Seeing the man you love get down on one knee is one of life’s most incredible moments, and the engagement period is one of hope, eager anticipation, and pure elation.
Those months between the proposal and your vows shouldn’t be whisked away in a whirlwind of giddy gaiety, though. They should be regarded with great intentionality and a dose of joyful seriousness. Here are some ways to do just that.
Don’t Get Ahead of Yourselves
While you have made the promise, you have not yet said the vows. Avoid acting like you’re married until the wedding bands have been exchanged. Disrupting the natural order of things will only disrupt the harmony in your relationship. The joy will be that much greater when there are changes to eagerly anticipate after the wedding such as moving in together, sleeping together, and combining finances.
Take this time to reflect upon ways in which you can become a better version of yourself. You will soon be taking on new roles as husband and wife, so it’s worth thinking about ways in which you can grow as you move into this next phase of life. Focus on qualities and habits that will create peace and deeper love in marriage such as listening well to others, accepting constructive criticism, or learning how to manage your anxiety.
Focus on qualities and habits that will create peace and deeper love in marriage.
Discuss the Important Things
Don’t leave conversations about work, finances, divorce, children, and religion for another time. You want to enter marriage on the same page as each other, so work on getting there (or confirming that you’re already there) now. If you disagree on something fundamental (such as whether or not you want children), it’s best to sort through things before saying “I do.” Remember that marriage means completely joining your life to another; two become one. There’s not much room for major differences.
Start Planning for Your Future Together
While you don’t want to get ahead of yourselves and start your married life together before you’re actually married, it’s wise to begin planning for what that life will look like. Work on things like creating a budget together, beginning to apartment/house hunt, and even figuring out how you will split time between families during the holidays. Set yourselves up well so as to alleviate initial difficulties in your marriage.
Focus on the Marriage, Not the Wedding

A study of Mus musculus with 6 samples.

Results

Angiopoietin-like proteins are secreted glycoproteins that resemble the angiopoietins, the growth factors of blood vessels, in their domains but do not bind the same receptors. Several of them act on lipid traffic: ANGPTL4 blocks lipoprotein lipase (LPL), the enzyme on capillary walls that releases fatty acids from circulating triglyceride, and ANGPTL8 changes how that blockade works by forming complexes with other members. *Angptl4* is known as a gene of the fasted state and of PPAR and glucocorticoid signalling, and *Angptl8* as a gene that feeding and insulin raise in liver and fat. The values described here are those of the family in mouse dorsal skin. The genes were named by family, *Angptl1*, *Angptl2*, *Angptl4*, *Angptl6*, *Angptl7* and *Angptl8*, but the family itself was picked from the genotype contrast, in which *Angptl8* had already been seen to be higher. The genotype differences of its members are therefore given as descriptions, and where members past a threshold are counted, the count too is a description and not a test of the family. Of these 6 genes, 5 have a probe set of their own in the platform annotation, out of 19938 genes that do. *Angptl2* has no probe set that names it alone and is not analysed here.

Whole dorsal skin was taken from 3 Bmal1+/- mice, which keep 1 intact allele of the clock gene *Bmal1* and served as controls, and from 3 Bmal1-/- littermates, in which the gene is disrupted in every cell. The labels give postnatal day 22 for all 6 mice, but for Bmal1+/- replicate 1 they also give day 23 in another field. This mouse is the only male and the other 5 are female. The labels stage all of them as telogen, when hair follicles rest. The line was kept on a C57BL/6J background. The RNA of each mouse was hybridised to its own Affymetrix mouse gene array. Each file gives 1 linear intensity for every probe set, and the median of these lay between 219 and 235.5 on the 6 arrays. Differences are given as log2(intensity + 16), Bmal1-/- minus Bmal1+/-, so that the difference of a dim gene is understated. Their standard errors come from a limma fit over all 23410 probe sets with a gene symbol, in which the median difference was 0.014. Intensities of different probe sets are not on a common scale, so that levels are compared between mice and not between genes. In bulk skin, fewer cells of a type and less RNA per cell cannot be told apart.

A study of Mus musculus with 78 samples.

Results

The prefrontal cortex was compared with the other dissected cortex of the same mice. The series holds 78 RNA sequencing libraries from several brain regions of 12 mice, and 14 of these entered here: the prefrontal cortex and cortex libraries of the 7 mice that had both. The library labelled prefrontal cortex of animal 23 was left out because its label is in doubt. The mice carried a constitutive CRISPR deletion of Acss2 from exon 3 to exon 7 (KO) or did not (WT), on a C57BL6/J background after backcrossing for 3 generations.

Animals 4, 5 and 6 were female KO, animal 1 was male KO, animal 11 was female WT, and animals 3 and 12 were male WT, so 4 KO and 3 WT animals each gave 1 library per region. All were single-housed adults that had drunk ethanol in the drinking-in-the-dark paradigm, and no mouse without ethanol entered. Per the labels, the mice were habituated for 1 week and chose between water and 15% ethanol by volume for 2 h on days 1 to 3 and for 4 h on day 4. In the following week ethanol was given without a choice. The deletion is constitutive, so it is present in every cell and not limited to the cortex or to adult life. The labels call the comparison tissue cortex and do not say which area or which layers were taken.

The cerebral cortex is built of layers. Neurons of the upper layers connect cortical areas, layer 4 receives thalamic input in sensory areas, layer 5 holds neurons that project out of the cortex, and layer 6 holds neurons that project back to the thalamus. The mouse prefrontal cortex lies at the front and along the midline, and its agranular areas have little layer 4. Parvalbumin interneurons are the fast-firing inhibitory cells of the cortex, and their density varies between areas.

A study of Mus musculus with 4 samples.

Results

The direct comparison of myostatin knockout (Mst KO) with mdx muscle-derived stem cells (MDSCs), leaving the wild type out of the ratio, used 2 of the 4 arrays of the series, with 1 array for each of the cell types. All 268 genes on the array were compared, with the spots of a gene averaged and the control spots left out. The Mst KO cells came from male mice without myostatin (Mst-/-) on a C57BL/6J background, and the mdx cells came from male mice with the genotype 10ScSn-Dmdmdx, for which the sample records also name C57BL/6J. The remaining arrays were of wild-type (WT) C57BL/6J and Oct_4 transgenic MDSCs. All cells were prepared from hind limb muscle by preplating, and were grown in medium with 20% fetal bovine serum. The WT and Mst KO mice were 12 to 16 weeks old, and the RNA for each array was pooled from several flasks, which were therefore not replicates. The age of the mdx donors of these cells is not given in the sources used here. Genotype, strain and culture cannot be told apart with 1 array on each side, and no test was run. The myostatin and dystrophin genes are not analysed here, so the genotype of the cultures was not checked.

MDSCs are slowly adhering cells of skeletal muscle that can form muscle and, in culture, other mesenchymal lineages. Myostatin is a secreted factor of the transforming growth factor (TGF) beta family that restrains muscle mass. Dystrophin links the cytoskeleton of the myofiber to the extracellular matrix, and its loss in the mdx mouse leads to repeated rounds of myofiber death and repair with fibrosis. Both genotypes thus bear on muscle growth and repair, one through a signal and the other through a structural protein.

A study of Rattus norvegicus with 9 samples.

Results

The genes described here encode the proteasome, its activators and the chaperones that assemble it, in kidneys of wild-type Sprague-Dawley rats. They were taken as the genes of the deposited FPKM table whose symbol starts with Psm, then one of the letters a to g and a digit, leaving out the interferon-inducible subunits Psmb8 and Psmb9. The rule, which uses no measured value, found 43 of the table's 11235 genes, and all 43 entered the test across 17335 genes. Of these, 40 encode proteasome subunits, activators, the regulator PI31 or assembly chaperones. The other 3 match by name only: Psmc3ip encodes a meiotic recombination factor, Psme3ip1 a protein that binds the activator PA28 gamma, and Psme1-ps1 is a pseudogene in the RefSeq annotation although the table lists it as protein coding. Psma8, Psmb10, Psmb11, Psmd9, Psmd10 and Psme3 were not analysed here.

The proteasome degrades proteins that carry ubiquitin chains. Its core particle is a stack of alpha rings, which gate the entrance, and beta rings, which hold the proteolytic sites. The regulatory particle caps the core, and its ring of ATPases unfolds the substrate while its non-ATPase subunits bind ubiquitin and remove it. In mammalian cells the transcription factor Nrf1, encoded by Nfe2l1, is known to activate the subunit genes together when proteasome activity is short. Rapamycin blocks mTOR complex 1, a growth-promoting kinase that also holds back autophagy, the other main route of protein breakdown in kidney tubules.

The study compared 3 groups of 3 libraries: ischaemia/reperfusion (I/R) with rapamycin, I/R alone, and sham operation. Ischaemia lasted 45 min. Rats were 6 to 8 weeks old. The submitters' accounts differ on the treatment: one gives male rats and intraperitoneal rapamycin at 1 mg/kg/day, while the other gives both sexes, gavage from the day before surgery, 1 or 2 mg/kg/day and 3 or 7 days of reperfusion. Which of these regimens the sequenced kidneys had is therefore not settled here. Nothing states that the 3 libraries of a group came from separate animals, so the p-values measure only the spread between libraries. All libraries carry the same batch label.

It can be easy to get caught up in the wedding planning and spend the entire engagement consumed by floral arrangements and seating charts. It’s important to take a step back and remember that you’re preparing for a marriage, not simply a wedding. Enjoy the planning together, but don’t allow it to create any rifts either between the two of you or between you and family members.
Enjoy the planning together, but don’t allow it to create any rifts.
Seek Advice from Seasoned Couples
Marriage is a huge life change, and no one has it all figured out in the beginning. The advice of those who have already been married for some time can be a great source of wisdom and comfort for you as you prepare to enter into this new life together. Ask friends and family for their bits of insight. Discuss their advice and how it may be implemented in your life together.
Keep up Your Other Relationships
Just because you’re engaged doesn’t mean that you have to spend all of your time with your fiancé. Of course, your main priorities should be each other, but it’s also very healthy to spend time apart from each other. Get together with your friends and encourage him to do the same.
Get together with your friends and encourage him to do the same.
Find Joy in the Present
You’ll likely feel like a child during the week before Christmas when you’re engaged. All you want is for your wedding day to finally arrive. Don’t wish this time away, though. Live in the present and love each moment. You will cherish these memories for a lifetime to come.
Congratulations on saying ‘yes’ to a life of love! Set yourself and your future husband up for marital success by embracing engagement for what it is — a crucial, delightful time of preparation.